Tit for tat: China adds US$ 60bn of US imports to its tariff retaliation list

Wednesday, September 19th 2018 - 08:50 UTC
On Monday the US administration said it will begin to levy new tariffs of 10% on about US$ 200 billion of Chinese products on Sep 24 On Monday the US administration said it will begin to levy new tariffs of 10% on about US$ 200 billion of Chinese products on Sep 24

China and the United States plunged deeper into a trade war on Tuesday after Beijing added US$60 billion of US products to its import tariff list in retaliation for President Donald Trump's planned levies on US$200 billion worth of Chinese goods.

The tit-for-tat measures are the latest escalation in an increasingly protracted trade dispute between the world's two largest economies.

On Monday, the US administration said it will begin to levy new tariffs of 10% on about US$ 200 billion of Chinese products on Sep 24, with the tariffs to go up to 25% by the end of 2018.

“China is forced to respond to US unilateralism and trade protectionism, and has no choice but to respond with its own tariffs,” the Finance Ministry said in a statement on its website on Tuesday.

Beijing will impose levies on a total of 5,207 US products - ranging from liquefied natural gas to certain types of aircraft as well as cocoa powder and frozen vegetables - at 5 and 10%, instead of previously proposed rates of 5, 10, 20 and 25%, the finance ministry said. Both countries' tariffs come into force on Sep 24.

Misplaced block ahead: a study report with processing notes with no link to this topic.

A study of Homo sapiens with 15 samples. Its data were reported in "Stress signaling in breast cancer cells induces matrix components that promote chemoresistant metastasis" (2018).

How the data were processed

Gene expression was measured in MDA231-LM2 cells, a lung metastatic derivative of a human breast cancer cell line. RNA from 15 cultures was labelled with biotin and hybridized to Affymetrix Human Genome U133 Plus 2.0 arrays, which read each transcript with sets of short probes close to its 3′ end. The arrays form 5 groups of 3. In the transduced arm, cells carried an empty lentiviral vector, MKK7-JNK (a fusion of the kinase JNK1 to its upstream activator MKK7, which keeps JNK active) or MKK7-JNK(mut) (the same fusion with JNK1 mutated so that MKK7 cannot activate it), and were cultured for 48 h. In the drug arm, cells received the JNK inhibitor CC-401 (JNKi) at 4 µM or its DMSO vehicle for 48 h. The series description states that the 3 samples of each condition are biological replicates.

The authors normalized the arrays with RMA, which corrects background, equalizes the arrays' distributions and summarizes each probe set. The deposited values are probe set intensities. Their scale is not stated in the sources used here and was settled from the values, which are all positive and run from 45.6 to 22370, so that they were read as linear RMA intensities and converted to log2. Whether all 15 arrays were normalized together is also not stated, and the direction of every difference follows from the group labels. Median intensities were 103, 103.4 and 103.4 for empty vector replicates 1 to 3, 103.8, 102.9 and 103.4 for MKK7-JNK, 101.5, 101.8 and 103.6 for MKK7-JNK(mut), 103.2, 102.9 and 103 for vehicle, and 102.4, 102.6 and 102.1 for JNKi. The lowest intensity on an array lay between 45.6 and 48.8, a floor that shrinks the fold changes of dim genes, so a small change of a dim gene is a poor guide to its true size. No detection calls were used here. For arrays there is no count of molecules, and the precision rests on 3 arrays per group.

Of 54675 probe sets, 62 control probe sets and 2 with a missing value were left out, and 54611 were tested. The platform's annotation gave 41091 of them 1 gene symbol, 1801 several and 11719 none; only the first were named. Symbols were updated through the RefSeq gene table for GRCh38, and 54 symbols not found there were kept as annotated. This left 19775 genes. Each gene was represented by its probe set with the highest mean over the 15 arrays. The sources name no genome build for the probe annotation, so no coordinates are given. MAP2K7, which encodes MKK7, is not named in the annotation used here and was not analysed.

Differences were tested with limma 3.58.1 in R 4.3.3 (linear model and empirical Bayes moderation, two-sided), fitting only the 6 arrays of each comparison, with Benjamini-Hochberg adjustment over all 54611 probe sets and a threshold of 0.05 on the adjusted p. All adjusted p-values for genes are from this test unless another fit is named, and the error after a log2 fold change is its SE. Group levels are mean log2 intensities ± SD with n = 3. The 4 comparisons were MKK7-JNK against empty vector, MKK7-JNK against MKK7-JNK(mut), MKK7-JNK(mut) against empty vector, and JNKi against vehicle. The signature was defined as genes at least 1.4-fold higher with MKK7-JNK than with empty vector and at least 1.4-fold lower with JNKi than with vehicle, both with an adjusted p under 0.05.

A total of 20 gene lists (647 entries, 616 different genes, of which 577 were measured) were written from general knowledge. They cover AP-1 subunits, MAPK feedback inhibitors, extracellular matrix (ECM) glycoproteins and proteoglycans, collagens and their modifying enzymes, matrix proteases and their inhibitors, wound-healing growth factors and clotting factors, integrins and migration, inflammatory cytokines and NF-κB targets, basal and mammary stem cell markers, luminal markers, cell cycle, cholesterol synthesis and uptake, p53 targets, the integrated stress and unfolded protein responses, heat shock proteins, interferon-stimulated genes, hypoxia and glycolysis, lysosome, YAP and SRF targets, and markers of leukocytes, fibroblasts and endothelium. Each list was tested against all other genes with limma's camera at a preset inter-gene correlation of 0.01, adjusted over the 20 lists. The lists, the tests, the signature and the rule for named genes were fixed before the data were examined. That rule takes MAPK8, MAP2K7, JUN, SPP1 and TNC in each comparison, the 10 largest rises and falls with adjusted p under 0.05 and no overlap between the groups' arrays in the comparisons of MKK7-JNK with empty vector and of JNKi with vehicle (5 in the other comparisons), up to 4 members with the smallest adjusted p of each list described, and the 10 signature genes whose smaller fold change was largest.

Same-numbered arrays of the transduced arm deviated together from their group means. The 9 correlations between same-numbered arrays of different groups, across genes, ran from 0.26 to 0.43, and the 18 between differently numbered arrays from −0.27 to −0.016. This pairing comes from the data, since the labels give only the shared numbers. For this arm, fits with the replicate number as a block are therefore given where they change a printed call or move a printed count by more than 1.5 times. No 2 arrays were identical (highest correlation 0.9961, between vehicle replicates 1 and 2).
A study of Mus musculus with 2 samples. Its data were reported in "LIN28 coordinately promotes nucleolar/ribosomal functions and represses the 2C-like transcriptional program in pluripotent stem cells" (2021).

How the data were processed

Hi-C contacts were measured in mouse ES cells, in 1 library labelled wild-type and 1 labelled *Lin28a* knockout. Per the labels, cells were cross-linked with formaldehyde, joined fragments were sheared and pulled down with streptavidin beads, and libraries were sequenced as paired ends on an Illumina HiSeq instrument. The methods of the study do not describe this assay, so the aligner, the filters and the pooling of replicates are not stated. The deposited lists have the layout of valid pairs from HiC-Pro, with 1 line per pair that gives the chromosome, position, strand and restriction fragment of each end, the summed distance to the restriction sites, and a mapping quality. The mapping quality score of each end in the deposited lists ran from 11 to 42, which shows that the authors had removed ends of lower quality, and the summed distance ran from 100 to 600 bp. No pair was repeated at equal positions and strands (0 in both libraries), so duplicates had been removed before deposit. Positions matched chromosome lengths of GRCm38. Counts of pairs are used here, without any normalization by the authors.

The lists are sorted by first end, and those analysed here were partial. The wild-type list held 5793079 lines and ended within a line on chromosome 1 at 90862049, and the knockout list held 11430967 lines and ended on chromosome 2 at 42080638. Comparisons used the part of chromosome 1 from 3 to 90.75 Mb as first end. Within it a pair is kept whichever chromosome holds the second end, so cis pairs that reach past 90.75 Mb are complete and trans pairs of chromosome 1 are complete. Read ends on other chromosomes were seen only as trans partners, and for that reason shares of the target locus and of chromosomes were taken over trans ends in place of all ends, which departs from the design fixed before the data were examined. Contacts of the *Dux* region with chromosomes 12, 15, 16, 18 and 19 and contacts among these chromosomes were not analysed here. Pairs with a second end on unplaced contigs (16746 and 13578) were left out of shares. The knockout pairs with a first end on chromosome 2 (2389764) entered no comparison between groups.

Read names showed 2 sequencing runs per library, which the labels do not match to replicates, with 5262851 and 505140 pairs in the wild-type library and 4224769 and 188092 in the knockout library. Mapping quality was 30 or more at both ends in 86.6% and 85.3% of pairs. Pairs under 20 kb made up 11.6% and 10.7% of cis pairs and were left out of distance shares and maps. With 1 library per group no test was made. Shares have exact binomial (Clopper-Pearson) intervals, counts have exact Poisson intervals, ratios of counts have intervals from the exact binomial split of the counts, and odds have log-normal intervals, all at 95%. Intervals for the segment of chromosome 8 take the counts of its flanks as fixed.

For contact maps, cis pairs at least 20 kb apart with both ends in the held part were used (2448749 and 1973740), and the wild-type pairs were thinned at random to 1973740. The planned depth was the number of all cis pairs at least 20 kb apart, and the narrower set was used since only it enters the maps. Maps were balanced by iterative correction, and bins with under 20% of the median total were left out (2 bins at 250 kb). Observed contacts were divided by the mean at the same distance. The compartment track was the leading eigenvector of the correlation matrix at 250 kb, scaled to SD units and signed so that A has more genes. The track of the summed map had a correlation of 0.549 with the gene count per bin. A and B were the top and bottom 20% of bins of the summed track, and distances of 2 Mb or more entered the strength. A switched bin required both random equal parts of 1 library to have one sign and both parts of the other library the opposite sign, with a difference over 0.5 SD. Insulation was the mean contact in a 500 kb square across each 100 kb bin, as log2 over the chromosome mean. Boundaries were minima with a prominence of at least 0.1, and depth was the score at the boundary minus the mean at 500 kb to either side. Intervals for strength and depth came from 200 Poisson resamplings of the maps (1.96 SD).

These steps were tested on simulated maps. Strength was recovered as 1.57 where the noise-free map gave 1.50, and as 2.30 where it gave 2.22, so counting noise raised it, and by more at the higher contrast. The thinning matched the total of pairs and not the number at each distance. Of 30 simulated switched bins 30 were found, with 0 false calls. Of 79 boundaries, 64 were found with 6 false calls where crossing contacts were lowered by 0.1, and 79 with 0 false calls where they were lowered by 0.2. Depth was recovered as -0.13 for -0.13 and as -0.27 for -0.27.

So far, the United States has imposed tariffs on US$50 billion worth of Chinese products to pressure China to make sweeping changes to its trade, technology transfer and high-tech industrial subsidy policies.

Beijing has retaliated in kind, but some analysts and US businesses are concerned it could resort to other measures such as pressuring US companies operating in China.

While both sides said they were open to talks, Trump launched a Twitter broadside at China, accusing Beijing of targeting rural voters who had supported his presidency by hitting agricultural goods.

“China has openly stated that they are actively trying to impact and change our election by attacking our farmers, ranchers and industrial workers because of their loyalty to me,” Trump wrote.

It was not clear what statement from Beijing Trump was referring to in his post. A short video published this summer by Beijing had suggested that farmers would not vote for Trump if their incomes were hurt by his trade policies.

Trump warned on Monday that if China takes retaliatory action against US farmers or industries, “we will immediately pursue phase three, which is tariffs on approximately US$267 billion of additional imports.”

Trump's latest escalation of tariffs on China comes after several rounds of talks yielded no progress. US Treasury Secretary Steven Mnuchin last week invited top Chinese officials to discussions. In light of the US action, China is reviewing plans to send a delegation to Washington for new talks, the South China Morning Post reported on Tuesday, citing a government source in Beijing.

The Wall Street Journal reported that Beijing was considering sending Vice Commerce Minister Wang Shouwen to trade talks this month but not Vice Premier Liu He, a senior official who is close to China's president.
US Commerce Secretary Wilbur Ross said on Tuesday the next step on holding “constructive negotiations” was up to China.